Yesterday was time for a walk in that it wasn’t raining hard; at least not when I headed out. As is usually the case I picked up a camera to take with me but this time it was a hard decision. Was it worth actually bothering?
You see the walk I was intending to do was around 10 miles and didn’t involve any mountains or spectacular scenery. In fact it was really a walk to keep up fitness levels. The area is quite nice if you like the stark, bleak moorland of the North of England but at the moment it looks pretty horrible with all the rain.
I walk in this particular area quite regularly and over the years have tried to take landscape images. It is, without doubt one of the most challenging locations I have come across. I have tried it in all weather conditions (snow isn’t bad), at all times of year and all times of day and night but I seldom come away with any photographs that I like.
This time I picked up the RX10 and after some decision making I decided to take it. In the end I stopped a total of 4 times to take a handful of pictures, but each time I captured something I quite like. I have never managed anything so productive in the past so why the sudden turnaround in my fortunes?
It’s certainly not down to equipment, although I really like using the RX10. No, I think it’s more to do with how I approached the photography or rather walk. I was out to do a walk rather than looking for images and because f this I had no expectations about what I would see or what type of image I was looking to create. I simply walked and if something caught my eye, I stopped and asked myself what it was. When I was clear in my own mind what was attracting me I took the photograph. You can see two of the processed images in this blog.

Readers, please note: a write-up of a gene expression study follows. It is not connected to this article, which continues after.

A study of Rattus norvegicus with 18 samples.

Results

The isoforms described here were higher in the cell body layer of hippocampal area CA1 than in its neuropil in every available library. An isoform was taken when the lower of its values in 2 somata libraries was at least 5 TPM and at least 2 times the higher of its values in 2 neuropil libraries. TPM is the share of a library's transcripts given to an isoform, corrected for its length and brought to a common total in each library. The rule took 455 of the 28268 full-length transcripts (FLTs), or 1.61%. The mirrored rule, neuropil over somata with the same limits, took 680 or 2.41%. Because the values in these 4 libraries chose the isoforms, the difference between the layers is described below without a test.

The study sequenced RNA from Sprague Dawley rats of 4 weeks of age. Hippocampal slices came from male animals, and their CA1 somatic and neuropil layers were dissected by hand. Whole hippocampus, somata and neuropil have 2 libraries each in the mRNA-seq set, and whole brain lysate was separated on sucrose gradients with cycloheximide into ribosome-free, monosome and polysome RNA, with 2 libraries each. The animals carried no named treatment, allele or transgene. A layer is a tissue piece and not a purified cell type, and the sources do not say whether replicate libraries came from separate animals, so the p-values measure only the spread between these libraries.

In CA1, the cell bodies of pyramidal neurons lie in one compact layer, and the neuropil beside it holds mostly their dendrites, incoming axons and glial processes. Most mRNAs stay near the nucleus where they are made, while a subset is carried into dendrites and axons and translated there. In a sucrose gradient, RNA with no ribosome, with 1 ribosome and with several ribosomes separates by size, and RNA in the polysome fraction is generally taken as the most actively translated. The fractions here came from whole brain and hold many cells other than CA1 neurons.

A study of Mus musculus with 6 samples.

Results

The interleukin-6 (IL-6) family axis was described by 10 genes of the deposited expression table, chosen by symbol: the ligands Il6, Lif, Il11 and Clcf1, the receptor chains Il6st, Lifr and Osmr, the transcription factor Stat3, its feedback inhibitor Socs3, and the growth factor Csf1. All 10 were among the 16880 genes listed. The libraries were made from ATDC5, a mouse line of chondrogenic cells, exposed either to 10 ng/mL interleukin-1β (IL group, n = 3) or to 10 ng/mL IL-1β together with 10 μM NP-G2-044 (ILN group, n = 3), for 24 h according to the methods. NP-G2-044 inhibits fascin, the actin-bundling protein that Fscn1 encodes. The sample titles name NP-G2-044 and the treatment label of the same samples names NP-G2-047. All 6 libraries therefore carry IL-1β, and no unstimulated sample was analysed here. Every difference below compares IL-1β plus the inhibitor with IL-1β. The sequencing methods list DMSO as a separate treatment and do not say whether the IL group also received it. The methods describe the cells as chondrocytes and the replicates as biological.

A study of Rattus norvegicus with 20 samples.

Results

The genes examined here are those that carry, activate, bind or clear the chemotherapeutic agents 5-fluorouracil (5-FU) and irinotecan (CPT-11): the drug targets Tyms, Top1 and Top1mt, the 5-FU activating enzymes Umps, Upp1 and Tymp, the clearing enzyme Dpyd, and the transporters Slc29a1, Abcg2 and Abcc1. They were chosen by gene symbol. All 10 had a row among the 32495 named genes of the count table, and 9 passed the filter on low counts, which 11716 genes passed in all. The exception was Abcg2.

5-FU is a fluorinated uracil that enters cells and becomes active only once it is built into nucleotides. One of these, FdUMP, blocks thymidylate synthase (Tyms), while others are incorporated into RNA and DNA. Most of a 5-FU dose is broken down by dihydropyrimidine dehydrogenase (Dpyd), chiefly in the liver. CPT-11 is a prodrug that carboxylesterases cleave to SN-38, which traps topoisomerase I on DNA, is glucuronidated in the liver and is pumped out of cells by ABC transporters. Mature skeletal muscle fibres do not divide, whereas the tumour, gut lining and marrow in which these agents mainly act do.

I think I need to take this approach more often rather than visit somewhere and become disappointed by what I find.
8 thoughts on “Photography with an open mind”
I love the picture of the mini waterfall. I was intrigued by the fact that the Rx10 is a real walk around camera and you were able to slow down the shutter and handhold to get the silkiness of the water. Were you carrying a small tripod or did you handhold ??
Thanks. The image was captured handheld and the shutterspeed was 1/20 second so not very slow. I have found I have handhold down to aroun 1/4 second, possibly slower if I brace myself against something. In this case I was leaning on a fence. What I really like about the RX10 is that I can fit it into a very small shoulder bag with a filter and a spare battery. Great for walking around as you say.
This is my neck of the woods… I love it up on the Moors with its desolate and bleak setting. It is definitely weather dependent as to whether I get a good shot or not. The landscape is very challenging as there aren’t any defining features as such but it is still one of my favourite places all the same.
Hi Matt, The moors are very challenging, but I feel the bad weather can really add drama to them and give them a beauty of their own. It’s flat grey that tends not to work. Where abouts are you based?
I think on most days it is flat grey!
I live in a village called Golcar, west of Huddersfield in the Colne Valley. It is a beautiful part of the world.
I recommend having a walk along the Pennine Way around Marsden. It is wonderfully bleak up there! Butterley and Wessenden reservoirs are great to break the monotony of moorland.
I just love walking up there, having a camera with me is a bonus!
Hi Matt, I know the area well and have walked the Pennine Way section you mention. I nearly bought a house in Scapegoat Hill once which I think is very near to where you live. The moors around here are wonderful but sometimes difficult to appreciate.
Hello, my name is Nicolás, I live in the south of Chile. I really liked the first photo, could you tell me how you did the editing process? Have you used an infrared filter on the camera? I would like to get the same aesthetic in some of my photos. Reminds me a lot of Aue Sobol… thanks!